Learn about Richard Arnholt's diverse government contracts practice and why he chose to pursue a career in the legal field. Read more>


Bass, Berry & Sims has served Pinnacle as primary corporate and securities counsel for more than 15 years and served as counsel on the transaction. Our attorneys were involved in all aspects related to the agreement, including tax, employee benefits and litigation. 

Read more details about the transaction here.


It seems that lately there has been a noticeable uptick in Regulation A+ activity, including several recent Reg A+ securities offerings where the stock now successfully trades on national exchanges. In light of this activity, we have published a set of FAQs about Regulation A+ securities offerings to help companies better understand this "mini-IPO" offering process, as well as pros and cons compared to a traditional underwritten IPO.



Employers should not rely on handbook provisions to create enforceable obligations on employees.  The employers who do so took another loss recently. In Lorenzo v. Prime Commc'ns, LP, 2015 BL 386874, 4th Cir., No. 14-1622, 11/24/15, the federal Fourth Circuit Court of Appeals ruled that an arbitration provision, contained in an employee handbook, was not enforceable. The provision, said the Court, did not require an employee to take her wage and hour claims to arbitration. Rather, the employee was free to pursue those claims – including a collective action – in federal court.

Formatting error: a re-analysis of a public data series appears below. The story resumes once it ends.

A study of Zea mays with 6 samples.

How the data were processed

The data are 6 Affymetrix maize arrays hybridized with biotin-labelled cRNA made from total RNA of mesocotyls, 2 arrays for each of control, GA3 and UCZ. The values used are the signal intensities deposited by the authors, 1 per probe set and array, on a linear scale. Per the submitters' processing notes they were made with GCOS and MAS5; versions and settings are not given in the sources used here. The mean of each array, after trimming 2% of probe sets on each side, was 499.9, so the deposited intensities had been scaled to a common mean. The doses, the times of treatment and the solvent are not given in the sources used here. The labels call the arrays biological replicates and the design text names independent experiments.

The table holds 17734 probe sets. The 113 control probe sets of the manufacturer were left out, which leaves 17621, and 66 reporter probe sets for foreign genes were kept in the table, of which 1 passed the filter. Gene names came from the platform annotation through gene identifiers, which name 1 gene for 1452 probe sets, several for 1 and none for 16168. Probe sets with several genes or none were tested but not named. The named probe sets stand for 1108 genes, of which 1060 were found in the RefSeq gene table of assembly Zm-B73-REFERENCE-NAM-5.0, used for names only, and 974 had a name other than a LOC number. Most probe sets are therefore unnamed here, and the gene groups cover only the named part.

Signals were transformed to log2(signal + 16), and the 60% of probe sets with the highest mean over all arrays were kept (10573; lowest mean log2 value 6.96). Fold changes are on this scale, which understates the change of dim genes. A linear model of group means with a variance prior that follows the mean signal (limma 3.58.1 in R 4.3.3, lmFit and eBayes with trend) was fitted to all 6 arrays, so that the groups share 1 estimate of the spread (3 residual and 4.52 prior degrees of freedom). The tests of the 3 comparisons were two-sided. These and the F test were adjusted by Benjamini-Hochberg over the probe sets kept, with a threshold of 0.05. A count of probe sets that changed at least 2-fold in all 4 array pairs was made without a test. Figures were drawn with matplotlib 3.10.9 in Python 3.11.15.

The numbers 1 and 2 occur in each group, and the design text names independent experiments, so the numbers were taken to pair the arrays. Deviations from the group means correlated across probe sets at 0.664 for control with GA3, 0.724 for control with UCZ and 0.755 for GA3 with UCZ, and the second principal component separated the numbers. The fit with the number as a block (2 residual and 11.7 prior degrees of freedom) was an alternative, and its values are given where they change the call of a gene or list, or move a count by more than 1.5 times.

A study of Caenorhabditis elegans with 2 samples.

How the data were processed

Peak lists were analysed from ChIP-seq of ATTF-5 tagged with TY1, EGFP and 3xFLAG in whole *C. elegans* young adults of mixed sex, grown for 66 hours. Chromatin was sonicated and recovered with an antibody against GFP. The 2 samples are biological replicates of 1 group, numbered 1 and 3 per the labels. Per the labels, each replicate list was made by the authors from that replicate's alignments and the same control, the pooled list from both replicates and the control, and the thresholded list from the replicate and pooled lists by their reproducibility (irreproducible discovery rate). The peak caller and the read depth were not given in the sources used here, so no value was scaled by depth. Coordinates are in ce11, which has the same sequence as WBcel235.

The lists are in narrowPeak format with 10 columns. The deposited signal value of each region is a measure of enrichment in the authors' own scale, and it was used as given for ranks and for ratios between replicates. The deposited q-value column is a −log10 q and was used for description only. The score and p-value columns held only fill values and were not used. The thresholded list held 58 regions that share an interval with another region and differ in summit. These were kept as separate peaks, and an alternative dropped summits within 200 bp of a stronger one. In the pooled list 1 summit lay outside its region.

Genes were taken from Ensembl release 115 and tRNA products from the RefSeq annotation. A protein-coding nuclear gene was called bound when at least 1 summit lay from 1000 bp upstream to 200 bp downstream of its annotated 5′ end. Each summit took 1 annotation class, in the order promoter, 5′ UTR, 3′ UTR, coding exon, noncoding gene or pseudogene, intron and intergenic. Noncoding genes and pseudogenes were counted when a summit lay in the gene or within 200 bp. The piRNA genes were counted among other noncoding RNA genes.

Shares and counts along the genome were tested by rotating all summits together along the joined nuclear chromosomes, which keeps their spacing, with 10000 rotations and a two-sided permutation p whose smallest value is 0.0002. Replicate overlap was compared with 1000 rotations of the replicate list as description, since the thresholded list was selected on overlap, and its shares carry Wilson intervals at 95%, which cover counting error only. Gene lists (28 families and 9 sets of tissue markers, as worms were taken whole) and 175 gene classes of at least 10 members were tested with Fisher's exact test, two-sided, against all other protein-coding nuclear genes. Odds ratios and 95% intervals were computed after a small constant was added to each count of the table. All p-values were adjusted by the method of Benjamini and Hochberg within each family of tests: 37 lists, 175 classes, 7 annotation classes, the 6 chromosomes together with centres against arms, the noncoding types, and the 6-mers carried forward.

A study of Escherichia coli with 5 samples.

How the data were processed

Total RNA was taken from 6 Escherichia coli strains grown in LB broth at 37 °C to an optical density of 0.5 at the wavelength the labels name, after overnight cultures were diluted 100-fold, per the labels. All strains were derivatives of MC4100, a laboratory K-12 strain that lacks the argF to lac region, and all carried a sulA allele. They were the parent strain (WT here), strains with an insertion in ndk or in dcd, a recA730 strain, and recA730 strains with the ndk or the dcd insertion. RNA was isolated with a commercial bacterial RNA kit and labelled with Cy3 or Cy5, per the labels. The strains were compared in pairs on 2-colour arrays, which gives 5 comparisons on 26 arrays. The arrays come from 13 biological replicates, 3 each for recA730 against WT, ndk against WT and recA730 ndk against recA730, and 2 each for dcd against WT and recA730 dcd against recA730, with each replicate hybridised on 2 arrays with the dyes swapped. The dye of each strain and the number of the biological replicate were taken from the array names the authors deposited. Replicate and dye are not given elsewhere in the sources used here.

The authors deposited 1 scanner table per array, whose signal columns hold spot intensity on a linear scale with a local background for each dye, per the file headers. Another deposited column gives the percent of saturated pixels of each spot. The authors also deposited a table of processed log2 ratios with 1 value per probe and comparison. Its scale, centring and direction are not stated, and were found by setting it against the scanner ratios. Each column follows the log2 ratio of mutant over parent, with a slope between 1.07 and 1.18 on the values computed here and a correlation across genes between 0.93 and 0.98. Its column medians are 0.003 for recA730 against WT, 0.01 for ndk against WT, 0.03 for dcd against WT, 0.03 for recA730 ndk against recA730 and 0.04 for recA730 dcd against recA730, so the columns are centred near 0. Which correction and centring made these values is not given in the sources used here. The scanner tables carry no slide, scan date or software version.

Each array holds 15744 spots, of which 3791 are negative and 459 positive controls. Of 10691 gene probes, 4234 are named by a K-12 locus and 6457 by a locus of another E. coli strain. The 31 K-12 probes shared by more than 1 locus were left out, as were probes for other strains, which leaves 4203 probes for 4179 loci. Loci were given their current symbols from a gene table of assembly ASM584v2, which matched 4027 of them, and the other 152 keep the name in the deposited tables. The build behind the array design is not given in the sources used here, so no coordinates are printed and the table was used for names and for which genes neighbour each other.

Why was the arbitration provision not enforceable? Because, the handbook acknowledgement (as most do) expressly stated that the handbook was not intended to create an employment contract or to hold the parties to binding promises. Here, the employer wanted to maintain the flexibility to change its handbook policies when and as needed. That is a wise practice. However, such a provision in a handbook means that employees too are not "bound" by handbook. When the handbook says expressly that it does not impose contractual obligations or enforceable promises, that means the handbook does not bind the employer (and employers are wise to preserve that flexibility), but it also means the handbook cannot bind the employee either (hence, this ruling).

Employers who wish to impose binding obligations on employees should do so through separate written agreements, and not by using handbook provisions that almost universally say they are not intended to be binding obligations on the parties.

For more labor and employment information, visit www.BassBerryLaborTalk.com.